Eclipse’s Paris Letter Looks at Shame and Denial
Eclipse Theatre Company continues their 2017 season with a taut, gripping version of Jon Robin Baitz’s dark The Paris Letter directed by Greg Smith.
The Paris Letter is a steely look at the corrosive nature of shame. It follows two friends, Sanford “Sandy” Sonnenberg (Christopher Moore Griffin) and Anton Kilgallen (David Allen Vargo) from 1963 to 2002. Anton lives his life with no regrets to anyone who looks. He is a bon vivant to the end. Sandy, when we meet him, teeters on the brink of wanting to do something other than follow in his father’s footsteps as a conservative financial manager. Sandy eventually lives in the steps of his father, denying large chunks of his core nature including his homosexuality. That doesn’t last forever and he gives in to temptation with exactly the wrong person, Burt Sarris (Nick Samson). Burt is the “next generation” of financial planners, all flash and charm with none of the fundamentals. As Sandy turns his back on his family, wife Katie (Laura Tirronen) and stepson Sam (Matthew James Mayer II), things end as badly as you would expect.
David Vargo’s mercurial, magnetic Anton understands how often charm comes with a razor in its fist. His character builds his irresistibility with layers of defensiveness, joy, and a ravenous curiosity for people and ideas. As soon as the audience gets a read on who this floating center of the universe is, he artfully shifts those layers and lets them crack. Christopher Griffin draws a punishingly real picture of a man crumbling from one tragic flaw. What’s amazing about Griffin’s performance is the way he projects that falling-apart without an ounce of the maudlin or any forced sentiment. These two virtuosic performances ground and float through everything else on stage at all times. Tirronen’s Katie has less stage time but makes a forceful impression as a character with a defined inner life every bit the equal of the flashier men at center stage.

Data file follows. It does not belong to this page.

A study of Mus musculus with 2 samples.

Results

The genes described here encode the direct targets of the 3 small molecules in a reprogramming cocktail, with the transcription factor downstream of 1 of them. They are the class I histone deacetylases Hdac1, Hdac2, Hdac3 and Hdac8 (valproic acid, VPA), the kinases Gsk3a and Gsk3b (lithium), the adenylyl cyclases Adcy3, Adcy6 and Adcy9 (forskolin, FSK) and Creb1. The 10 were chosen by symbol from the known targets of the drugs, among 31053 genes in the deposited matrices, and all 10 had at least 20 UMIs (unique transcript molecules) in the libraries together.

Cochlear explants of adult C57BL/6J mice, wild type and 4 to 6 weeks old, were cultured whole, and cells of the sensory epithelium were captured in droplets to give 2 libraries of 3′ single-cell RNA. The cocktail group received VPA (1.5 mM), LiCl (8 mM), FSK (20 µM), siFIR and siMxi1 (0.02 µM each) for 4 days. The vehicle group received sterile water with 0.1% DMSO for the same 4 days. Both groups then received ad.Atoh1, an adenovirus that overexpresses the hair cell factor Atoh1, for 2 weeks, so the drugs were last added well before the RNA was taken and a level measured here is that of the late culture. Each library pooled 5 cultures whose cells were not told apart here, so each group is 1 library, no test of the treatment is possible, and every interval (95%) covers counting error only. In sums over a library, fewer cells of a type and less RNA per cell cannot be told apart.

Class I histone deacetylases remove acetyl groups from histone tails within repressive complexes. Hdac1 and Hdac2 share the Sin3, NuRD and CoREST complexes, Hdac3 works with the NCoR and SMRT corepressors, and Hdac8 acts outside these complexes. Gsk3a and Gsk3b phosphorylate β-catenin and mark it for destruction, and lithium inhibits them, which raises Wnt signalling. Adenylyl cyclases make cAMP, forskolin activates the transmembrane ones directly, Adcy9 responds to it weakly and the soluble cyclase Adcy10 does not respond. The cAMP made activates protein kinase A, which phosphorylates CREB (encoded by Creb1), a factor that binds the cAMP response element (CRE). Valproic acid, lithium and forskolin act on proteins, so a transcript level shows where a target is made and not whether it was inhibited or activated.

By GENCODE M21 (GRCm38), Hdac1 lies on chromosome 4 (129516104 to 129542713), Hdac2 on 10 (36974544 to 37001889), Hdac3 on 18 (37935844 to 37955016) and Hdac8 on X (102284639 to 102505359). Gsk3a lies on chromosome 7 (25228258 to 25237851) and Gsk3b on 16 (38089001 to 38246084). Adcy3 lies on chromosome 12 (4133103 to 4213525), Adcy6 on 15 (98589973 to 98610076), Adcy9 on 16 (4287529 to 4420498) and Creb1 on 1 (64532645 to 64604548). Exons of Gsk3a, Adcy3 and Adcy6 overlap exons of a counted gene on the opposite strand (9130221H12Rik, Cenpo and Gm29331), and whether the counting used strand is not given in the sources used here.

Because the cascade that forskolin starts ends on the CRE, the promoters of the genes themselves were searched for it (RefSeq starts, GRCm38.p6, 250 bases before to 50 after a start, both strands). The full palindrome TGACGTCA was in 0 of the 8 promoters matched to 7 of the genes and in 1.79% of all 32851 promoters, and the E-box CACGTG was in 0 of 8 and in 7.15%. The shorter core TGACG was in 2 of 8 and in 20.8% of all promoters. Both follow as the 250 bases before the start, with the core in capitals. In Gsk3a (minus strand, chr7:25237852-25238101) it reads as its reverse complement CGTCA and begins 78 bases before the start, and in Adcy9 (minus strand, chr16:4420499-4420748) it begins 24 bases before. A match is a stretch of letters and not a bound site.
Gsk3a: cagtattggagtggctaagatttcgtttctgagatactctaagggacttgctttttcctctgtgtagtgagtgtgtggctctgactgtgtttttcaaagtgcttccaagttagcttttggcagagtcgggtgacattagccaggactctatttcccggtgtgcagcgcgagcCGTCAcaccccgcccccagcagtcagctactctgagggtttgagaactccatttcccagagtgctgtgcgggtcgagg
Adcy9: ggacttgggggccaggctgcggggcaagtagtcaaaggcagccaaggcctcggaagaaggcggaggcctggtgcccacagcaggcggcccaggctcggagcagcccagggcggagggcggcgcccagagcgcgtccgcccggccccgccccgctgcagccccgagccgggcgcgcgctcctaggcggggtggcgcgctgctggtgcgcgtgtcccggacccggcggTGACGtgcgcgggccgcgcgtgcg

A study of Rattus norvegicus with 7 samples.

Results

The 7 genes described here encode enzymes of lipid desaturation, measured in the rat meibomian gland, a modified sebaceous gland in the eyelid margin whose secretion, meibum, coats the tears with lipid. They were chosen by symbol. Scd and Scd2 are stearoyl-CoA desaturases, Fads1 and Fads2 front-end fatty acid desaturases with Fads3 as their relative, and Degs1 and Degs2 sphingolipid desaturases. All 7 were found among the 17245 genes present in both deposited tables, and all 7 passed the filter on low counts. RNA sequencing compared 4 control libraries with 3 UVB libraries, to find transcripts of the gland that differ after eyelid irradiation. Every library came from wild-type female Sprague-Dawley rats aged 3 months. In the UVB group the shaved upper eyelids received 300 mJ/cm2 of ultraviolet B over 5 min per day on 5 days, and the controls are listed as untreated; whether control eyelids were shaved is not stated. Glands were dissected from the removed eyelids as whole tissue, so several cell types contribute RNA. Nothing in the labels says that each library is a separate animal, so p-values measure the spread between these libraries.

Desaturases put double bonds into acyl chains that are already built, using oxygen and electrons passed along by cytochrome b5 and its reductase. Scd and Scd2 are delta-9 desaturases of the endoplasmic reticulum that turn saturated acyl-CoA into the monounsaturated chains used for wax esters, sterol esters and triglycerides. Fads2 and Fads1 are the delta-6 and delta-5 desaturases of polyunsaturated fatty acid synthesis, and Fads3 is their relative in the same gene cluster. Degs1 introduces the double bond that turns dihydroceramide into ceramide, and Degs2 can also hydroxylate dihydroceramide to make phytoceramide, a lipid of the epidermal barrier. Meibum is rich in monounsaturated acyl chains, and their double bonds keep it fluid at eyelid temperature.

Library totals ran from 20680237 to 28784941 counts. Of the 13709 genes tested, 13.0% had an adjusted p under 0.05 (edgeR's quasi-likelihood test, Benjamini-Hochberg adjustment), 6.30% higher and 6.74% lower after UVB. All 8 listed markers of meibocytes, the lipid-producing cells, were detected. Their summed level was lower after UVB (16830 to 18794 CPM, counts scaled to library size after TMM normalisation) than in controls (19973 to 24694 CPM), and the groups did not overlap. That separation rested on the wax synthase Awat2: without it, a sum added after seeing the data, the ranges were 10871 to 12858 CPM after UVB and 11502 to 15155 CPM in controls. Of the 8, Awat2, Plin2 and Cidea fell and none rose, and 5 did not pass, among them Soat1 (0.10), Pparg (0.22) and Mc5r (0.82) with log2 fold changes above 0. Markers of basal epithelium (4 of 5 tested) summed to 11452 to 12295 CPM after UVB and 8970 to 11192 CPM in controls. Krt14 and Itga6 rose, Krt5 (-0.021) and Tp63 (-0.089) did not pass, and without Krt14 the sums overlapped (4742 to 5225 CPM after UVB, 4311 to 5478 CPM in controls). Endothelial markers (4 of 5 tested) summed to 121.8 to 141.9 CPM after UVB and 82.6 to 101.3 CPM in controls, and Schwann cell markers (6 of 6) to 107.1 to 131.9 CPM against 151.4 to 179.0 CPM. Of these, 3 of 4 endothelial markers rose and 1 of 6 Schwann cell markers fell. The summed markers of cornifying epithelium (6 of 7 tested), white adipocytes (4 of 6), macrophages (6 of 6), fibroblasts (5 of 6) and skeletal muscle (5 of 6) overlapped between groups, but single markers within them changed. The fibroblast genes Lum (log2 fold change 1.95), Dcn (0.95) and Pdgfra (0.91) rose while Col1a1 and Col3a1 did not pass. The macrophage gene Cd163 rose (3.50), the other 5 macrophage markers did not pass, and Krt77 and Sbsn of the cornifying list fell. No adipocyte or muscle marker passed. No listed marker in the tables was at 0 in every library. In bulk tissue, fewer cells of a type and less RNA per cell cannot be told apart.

The structure of The Paris Letter jumps back and forth from flashback to the present day with Mayer doubling as Young Sandy, Samson as Young Anton, Griffen as Sandy’s shrink and Tirronen as Sandy’s mother. Samson’s slinky, smiling killer instinct manifests in both his roles without recycling gestures. Mayer fuses a cool, striving ambition to an adorable earnestness. In general, the structure works without being obtrusive. The careful doubling echoes throughout the play.
Some of the flashbacks drag. In particular, Young Sandy’s visit to his controversial psychiatrist known for “success in curing homosexuality” takes too long priming before delivering its sting. The play also feels truncated in its second act with a flash-forward that’s the one time Anton’s narration is straight, rapid-fire exposition instead of the context and subversion he masters throughout the rest of the performance.
Greg Smith’s direction streamlines the action and focuses the audience on a play that could have gotten bogged down in minutiae and mundane events. He has a masterful eye, aided by his tasteful set and Kathy Sturm’s lighting and sound, for what matters most.
One thing theatre does best is to hold a cracked, uncomfortable mirror to our shared human failings. It’s hard to look away in the room with flesh and blood people. With this production, Eclipse not only lives up to that challenge but it exults in shared humanity. The Paris Letter veers toward the pulpy before it ends but it’s a remarkable production of rich, meaty work.
The Paris Letter runs through August 26 with performances at 7:30 p.m. Thursday through Saturday and 2:00 p.m. Sunday. Featured in photo: Left to right: Nick, Samson, Christopher Moore Griffin, David Vargo, Laura Tironnen. For tickets and more info, visit eclipsetheatrecompany.org.